Cigarette butts account for more than half the litter on our streets according to the Minister for Environment Denis Naughten who has published the 2017 National Litter Pollution Report.
The Report by the Department’s Litter Monitoring Body reveals the extent, causes and composition of litter across the country. The main findings show that nationwide cigarette related litter accounts for over 56% of litter in our towns and communities. This is mainly made up of cigarette ends.
The Report shows an increase in the prevalence of cigarette litter on the previous year. At 17 percent, packaging items such as cardboard, paper, bottles and caps, glass and cans are the second largest litter component, while food related items at nine percent make up the third most common litter cause, including chewing gum. Sweet related items, such as wrappers and crisp bags stand at under eight percent - the fourth largest component.
The Report also shows that pedestrians are the main causes of litter at 42% and passing motorists are the second largest cause accounting for 19% in 2017.
‘The 2017 Report shows that the number of areas surveyed across the country deemed to be completely unpolluted from litter stands at 15.6 percent, the second highest level ever recorded. The results also demonstrate that over 79 percent of all areas surveyed in 2017 were deemed to be either litter free or only slightly polluted so this is very welcome news.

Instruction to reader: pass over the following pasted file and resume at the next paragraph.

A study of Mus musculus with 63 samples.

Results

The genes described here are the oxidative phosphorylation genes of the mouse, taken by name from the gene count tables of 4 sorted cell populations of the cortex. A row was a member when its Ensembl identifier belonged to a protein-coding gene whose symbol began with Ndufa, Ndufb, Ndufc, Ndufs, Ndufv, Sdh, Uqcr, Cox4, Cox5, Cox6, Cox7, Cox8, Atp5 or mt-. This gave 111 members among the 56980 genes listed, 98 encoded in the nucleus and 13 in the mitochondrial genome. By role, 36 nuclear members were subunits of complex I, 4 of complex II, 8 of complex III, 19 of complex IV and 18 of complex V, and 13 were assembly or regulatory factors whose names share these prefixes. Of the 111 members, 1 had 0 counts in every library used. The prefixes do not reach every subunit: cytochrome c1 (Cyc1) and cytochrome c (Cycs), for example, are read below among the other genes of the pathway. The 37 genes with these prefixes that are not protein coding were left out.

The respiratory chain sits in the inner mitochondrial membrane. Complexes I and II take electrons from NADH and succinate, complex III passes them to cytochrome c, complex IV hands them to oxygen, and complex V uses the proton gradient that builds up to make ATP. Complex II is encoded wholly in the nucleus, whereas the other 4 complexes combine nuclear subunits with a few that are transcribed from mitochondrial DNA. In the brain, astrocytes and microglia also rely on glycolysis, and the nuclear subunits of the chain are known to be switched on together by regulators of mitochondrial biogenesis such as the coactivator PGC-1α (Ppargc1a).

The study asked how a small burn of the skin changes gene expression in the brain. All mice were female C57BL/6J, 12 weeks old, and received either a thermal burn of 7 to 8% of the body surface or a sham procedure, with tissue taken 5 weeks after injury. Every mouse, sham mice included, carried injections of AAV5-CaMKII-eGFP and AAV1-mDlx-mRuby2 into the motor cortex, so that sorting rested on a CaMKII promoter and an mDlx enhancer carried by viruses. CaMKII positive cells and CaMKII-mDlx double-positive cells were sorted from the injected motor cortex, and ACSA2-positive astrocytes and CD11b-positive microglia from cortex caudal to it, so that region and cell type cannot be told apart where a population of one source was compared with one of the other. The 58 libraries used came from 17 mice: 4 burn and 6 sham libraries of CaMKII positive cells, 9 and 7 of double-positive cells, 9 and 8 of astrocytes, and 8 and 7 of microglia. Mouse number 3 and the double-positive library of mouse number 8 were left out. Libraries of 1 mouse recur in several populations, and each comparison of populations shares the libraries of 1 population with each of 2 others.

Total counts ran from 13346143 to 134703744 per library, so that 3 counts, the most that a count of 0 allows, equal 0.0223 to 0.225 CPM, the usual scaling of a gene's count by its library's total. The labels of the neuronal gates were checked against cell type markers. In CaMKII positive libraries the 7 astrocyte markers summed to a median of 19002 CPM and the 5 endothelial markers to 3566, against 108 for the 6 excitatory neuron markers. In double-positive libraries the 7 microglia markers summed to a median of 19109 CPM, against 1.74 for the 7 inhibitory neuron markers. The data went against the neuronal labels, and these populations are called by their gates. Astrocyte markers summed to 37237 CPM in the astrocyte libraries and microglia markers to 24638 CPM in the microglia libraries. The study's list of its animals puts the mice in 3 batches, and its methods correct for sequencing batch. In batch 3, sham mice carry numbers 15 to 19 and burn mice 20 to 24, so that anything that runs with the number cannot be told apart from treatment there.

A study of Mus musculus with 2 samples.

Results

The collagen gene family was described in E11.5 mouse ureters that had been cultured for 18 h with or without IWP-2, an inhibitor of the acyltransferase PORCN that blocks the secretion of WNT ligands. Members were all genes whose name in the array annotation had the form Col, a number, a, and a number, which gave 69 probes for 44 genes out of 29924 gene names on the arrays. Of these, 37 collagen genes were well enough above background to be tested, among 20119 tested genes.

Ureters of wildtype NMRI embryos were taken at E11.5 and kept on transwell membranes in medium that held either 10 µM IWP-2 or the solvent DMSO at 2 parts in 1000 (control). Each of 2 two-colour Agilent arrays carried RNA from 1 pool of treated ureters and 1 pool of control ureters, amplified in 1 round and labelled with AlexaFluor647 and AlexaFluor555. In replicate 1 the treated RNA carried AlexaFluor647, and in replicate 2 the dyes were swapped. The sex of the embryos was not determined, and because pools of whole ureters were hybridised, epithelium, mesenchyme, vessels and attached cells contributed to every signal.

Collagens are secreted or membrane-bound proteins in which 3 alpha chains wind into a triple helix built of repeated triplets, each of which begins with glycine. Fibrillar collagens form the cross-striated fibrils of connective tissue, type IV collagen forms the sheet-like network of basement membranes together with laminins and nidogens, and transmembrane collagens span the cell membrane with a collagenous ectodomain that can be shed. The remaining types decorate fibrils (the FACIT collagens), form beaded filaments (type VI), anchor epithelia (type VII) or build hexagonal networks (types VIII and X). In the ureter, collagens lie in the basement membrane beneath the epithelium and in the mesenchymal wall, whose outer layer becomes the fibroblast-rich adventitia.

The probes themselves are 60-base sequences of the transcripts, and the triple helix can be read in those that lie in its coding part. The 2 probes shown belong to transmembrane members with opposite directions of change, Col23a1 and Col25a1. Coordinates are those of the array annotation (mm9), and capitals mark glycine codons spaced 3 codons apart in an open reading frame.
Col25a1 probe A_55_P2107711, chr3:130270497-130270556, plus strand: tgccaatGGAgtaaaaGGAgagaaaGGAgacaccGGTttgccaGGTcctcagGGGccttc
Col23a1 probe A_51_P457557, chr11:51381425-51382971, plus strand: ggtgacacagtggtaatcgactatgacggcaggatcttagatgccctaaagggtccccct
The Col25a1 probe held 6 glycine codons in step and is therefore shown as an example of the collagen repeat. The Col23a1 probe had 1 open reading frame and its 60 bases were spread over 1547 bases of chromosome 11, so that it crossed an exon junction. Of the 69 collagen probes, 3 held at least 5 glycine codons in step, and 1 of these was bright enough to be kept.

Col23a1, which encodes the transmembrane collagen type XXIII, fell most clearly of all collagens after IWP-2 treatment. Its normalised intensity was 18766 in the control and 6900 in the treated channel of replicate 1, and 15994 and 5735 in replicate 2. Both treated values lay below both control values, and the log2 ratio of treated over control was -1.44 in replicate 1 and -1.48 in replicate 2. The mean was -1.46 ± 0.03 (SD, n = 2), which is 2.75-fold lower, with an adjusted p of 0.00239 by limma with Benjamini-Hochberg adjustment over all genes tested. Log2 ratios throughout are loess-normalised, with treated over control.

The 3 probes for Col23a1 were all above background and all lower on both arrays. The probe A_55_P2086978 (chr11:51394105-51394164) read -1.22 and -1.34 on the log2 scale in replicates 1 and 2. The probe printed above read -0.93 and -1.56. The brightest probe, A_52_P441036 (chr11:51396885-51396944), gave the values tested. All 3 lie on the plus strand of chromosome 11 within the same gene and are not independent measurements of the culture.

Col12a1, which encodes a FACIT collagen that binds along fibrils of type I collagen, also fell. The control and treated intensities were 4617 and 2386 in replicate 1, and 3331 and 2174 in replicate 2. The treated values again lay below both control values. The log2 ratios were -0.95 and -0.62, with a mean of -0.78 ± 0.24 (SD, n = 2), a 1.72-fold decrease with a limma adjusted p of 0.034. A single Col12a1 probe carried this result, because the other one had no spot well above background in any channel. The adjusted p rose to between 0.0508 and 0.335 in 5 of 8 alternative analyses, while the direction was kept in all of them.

I would like to commend the Local Authorities, who work closely with the communities they serve and are continuing to make progress in the on-going battle against litter pollution across the country. Each of us has personal responsibility and a role to play in keeping the towns, villages and cities we live in litter free. Smokers in particular can bring about a significant improvement in the litter situation through relatively minor behavioural changes. Everyone must accept that, ultimately, it is their own actions that will ensure whether or not we live in a litter free environment.’
Minister Naughten added, ‘While I am pleased with some of the results, which are very encouraging, there is more work to be done to ensure that the environment is protected from litter. We need to focus our efforts to maintain the improving standards being achieved across the country. A combination of awareness, education and enforcement is required in order to successfully combat our litter challenges.’